Oil spills are catastrophic anywhere in the world, with massive consequences for the environment, as well as for human health due to the toxic oil compounds that accumulate in our food.
Despite numerous clean-up efforts, including mechanical recovery and burning off the spilled oil (close to the spill location, called in-situ burning), it is tiny bacteria in the water that carry out the bulk of the clean-up operation. These oil-eating microbes play a major role in degrading the oil and reducing its environmental impact.
Meet Alcanivorax borkumensis. This rod-shaped microbe lives in all of the world's oceans with a special preference for oil-polluted areas, as it uses hydrocarbon molecules for food. The bacterium's genome was sequenced more than 10 years ago by a couple of researchers from the German Research Center for Biotechnology, but now another team has gone deeper, identifying the enzymes the bacteria produce to break down crude oil and gas.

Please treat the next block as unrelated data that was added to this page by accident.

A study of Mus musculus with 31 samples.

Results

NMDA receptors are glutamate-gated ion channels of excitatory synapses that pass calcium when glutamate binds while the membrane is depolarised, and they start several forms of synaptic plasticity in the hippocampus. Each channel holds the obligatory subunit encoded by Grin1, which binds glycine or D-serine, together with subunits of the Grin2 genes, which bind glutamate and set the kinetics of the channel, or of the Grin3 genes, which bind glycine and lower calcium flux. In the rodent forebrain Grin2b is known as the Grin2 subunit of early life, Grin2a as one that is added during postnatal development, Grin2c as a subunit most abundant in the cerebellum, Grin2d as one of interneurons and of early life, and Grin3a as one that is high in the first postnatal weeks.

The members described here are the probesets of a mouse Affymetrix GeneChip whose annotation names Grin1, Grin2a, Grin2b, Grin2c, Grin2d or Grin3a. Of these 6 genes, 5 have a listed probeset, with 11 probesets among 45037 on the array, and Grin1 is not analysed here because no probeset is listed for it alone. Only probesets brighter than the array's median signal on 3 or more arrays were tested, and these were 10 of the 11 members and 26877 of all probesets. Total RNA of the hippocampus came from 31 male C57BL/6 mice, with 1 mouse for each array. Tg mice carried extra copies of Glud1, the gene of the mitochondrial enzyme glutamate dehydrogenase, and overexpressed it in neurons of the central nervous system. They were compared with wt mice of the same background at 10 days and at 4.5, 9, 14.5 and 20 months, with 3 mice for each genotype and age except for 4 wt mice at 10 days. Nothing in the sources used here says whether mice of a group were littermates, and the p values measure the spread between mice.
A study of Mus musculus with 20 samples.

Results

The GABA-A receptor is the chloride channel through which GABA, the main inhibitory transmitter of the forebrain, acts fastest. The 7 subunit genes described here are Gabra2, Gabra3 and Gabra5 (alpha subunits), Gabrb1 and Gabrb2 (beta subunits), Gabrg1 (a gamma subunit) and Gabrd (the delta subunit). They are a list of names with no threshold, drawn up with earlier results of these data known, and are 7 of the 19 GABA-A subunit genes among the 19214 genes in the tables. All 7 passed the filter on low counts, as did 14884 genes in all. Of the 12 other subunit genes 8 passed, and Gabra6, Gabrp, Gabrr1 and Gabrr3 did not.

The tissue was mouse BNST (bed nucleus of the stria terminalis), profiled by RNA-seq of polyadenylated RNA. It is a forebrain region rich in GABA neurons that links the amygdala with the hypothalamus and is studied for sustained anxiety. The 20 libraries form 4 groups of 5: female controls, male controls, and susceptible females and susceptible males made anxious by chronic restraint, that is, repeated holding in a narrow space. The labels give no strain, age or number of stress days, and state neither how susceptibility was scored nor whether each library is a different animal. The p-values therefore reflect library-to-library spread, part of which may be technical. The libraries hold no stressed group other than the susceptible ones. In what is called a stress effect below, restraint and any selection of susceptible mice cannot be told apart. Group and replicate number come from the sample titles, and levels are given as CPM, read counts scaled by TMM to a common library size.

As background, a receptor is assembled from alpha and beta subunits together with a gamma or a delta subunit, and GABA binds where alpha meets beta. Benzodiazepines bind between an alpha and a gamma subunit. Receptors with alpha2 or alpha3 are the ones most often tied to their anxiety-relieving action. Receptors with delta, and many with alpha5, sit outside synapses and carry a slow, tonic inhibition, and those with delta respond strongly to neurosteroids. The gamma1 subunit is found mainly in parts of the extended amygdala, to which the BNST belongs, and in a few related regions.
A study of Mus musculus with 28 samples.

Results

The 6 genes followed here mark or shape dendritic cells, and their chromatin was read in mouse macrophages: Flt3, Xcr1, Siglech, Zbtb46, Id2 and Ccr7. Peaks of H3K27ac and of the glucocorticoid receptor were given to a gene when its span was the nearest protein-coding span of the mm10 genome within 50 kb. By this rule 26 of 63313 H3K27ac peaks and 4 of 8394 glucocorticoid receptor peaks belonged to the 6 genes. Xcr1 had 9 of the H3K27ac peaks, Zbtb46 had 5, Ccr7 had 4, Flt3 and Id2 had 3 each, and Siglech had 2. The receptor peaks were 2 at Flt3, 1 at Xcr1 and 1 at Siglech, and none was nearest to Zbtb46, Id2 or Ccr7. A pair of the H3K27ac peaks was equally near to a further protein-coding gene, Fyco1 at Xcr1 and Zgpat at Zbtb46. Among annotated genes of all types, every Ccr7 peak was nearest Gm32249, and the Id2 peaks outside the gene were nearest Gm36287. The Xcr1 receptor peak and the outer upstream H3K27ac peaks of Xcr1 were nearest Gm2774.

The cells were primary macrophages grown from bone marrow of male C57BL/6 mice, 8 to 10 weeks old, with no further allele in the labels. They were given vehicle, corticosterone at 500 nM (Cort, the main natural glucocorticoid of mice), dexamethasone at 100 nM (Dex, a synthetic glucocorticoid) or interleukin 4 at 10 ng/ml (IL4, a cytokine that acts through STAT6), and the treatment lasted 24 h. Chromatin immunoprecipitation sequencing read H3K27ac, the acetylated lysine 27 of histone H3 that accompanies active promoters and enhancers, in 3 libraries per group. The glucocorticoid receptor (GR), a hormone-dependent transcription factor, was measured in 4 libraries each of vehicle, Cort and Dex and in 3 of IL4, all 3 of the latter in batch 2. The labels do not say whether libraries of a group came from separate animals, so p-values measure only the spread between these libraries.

These bacteria thrive in polluted waters. Theoretically they can be kept in stock in oil-rich pools, ready to be deployed to a spill site when necessary. Also, they could probably be modified to become even better oil eaters. This will turn them into a cheap, easy to use solution to the problem that had plagued the oil industry for decades, especially since the seriousness of oil spills reached the limelight in recent years.
Preventing these oil spill catastrophes is of course the most importing thing, but with these bacterias we can at least reduce the impact on the environment significantly.